ABSS officials this week confessed to school board members what parents have known for months if not the past two years: remote instruction didn’t work out very well.
Students simply did not understand the material conveyed through online courses – or they just didn’t do the work.
Now the test results are in, and they’re: (a) dismal, (b) pitiful, (c) awful, actually the correct answer is (d) all of the above.
What’s probably equally troubling, however, is that ABSS officials have had access to this data for six months and only brought it to the school board this week.
Commendations to several school board members, who have repeatedly pressed to get a presentation on these findings.
Well, they finally got the results, or at least part of them.
School board vice chairman Patsy Simpson is to be commended for pressing even further this week that the statistics need to be made available by school, something officials could have provided – and should have anticipated board members wanting to know.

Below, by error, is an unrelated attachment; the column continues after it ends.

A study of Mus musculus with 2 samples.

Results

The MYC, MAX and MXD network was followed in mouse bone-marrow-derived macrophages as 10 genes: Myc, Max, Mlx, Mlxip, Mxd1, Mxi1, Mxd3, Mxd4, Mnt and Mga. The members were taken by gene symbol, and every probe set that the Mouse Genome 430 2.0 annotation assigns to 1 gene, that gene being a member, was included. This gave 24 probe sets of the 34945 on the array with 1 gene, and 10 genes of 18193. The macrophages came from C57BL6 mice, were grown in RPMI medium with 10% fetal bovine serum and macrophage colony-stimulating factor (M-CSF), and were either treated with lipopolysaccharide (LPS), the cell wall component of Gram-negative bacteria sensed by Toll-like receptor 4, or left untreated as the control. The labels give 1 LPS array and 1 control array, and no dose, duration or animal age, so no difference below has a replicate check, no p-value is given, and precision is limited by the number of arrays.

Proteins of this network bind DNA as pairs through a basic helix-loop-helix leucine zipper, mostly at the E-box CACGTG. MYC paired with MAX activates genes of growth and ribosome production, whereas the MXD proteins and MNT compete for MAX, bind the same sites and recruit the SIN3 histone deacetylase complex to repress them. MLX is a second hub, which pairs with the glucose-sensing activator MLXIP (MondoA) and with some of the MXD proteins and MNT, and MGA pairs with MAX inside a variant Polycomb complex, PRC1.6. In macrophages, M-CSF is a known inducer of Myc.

In fact, didn’t they want to know?
They should have – in order to target remedial responses.
Instead, central office administrators have dilly-dallied for six months when they, or school board members, could have been formulating an effective strategy for improvement.
Instead, they’re at least six months behind in doing anything.
As Simpson has also pointed out, central office administrators seem to be particularly creative and adept at explaining away all manner of failure in ABSS schools.
Simpson is also correct that the damage from this failure contributes to a “lost generation,” students who will be permanently affected by ABSS’ failures during Covid.
It’s time for improvement – not only in test scores, but also in administration.